Spot milk price drops are only a market blip
By Philip Clarke
RECENT falls in the price of milk sold by producer co-ops on the "spot" market are circumstantial, it is claimed, and do not point to a similar shrinkage in milk cheques.
The demise has been most marked in Northern Ireland. This week some 66m litres of June milk was auctioned by leading co-op United Dairy Farmers for 22p/litre, better than last months 20p, but well short of the 30p it was making in January.
According to finance director, Sam Lyons, three forces are at play:
• BSE has caused a "hiccough" in the export market, especially to the Irish Republic, swelling supplies of milk.
• Dairy products are currently worth less, equivalent to about 3p/litre off the milk price.
• Buyers have been rejecting milk under their "option" contracts, forcing a ten-fold increase in availability on the spot market.
Spot milk values have also been depressed on the GB mainland. But Milk Marque chief executive Andrew Dare says any downturn is artificial. "What it shows is what happens when we get a seasonal surplus of milk and some clever manipulation by buyers."
With most of Milk Marques milk sold on longer-term contracts – less than 5% goes spot – these short-term fluctuations have little impact on producer returns.
But dairy adviser to the UK Provision Trade Federation, Mike Bessey believes there is more to it than seasonality.
The BSE crisis has already meant more cows are being milked, boosting supply. It has also led to some "unofficial" bans on UK dairy products in countries such as Germany, forcing extra product onto the home market.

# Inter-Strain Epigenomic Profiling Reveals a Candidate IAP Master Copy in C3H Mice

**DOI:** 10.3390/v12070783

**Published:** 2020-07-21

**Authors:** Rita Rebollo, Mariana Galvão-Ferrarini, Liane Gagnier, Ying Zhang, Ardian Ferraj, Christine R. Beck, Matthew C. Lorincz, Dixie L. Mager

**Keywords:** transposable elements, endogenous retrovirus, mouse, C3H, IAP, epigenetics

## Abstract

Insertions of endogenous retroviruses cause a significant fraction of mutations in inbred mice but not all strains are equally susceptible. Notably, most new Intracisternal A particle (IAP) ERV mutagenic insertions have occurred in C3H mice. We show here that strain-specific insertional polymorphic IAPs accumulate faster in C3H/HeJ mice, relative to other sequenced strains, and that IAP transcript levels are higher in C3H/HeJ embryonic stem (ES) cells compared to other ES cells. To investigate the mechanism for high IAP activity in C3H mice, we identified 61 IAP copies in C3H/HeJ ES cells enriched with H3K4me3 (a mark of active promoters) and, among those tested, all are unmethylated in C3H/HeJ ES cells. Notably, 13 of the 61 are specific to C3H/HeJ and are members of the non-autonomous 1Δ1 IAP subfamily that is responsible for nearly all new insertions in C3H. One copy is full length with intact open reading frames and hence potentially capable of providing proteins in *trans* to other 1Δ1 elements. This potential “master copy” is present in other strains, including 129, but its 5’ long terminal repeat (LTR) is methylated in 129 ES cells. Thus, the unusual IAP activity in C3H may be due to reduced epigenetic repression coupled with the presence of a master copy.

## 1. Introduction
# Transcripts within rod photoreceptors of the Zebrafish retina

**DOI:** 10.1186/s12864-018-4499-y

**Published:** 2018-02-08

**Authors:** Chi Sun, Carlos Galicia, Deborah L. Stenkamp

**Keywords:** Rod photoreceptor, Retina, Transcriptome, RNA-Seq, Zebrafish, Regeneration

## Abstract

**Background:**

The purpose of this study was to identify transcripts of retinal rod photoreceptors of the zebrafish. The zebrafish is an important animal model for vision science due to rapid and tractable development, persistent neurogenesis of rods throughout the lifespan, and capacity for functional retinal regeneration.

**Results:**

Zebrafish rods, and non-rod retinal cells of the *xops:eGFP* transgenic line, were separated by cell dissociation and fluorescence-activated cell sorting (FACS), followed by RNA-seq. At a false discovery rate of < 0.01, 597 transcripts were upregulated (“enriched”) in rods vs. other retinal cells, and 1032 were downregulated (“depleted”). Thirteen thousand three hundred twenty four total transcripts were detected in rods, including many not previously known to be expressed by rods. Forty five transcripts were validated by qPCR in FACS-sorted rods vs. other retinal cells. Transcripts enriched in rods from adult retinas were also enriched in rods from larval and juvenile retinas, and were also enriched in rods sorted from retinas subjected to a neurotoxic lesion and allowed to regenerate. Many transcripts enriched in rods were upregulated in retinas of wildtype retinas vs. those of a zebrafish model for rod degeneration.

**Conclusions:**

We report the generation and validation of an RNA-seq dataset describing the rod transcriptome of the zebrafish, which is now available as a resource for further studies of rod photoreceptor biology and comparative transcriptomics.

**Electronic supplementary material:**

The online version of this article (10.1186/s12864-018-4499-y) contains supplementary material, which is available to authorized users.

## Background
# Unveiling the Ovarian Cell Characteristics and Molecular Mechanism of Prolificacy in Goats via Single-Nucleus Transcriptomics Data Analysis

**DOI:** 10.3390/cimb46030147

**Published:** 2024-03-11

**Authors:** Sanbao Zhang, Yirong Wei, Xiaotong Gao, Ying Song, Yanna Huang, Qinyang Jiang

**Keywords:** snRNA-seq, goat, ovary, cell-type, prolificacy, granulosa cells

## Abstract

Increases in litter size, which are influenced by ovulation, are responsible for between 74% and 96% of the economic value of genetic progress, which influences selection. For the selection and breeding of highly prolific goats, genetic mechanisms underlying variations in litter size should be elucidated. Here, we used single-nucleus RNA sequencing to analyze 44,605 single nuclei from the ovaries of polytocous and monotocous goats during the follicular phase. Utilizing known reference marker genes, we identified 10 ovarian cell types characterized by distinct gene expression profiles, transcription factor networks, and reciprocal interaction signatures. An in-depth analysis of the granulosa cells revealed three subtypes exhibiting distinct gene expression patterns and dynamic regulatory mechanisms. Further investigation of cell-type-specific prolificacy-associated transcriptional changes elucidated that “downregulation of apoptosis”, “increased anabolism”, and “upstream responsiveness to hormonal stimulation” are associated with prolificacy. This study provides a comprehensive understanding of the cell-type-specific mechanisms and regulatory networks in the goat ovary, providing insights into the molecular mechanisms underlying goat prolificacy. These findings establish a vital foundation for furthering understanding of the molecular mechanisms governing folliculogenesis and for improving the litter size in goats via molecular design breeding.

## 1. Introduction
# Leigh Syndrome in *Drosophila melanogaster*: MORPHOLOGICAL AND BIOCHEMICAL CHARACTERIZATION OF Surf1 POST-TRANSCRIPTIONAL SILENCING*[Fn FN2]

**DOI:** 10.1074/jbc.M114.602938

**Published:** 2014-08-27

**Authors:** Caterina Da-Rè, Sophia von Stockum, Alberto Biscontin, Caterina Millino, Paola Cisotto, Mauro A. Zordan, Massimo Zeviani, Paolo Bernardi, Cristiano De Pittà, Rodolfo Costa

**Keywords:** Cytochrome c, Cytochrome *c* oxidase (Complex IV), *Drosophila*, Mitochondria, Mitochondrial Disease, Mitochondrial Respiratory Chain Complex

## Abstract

Basic commodity prices have been under pressure for some time anyway, due in part to falling world demand. For example, bulk butter has slumped from about £3000/t last Christmas to nearer £2500/t. The EU has recently opened intervention, with over 5500t accepted last week.
Skimmed milk powder is also at a five-year low, not helped by the lack of demand from a contracting Dutch veal industry.
To this list of woes, Dairy Industry Federation commercial director, Jim Begg adds the recent strengthening of sterling, which has cut export returns, and new GATT limits which are restricting export subsidies on cheese.
Both maintain that milk prices will need to come down.
But Mr Dare disagrees. "Ive been talking to a lot of retailers recently. They tell me the liquid milk market is stable and that fresh dairy products are also holding up well. Yes, commodity prices have suffered, but we are no longer major players in those markets.
"And looking at the raw material end, I dont see the likes of Unigate, Northern and MD Foods preparing to drop their prices. Its not all doom and gloom."
These sentiments are echoed by Anderson consultant, Mike Houghton. "BSE could even drive prices up, if a selective cull gets under way. There is underlying pressure from the commodity markets, but major buyers are still after farmers milk." He is predicting static prices for the year ahead.
Milk producers need not fear for milk prices, says Andrew Dare (inset), despite more cows being milked due to the continuing BSEcrisis.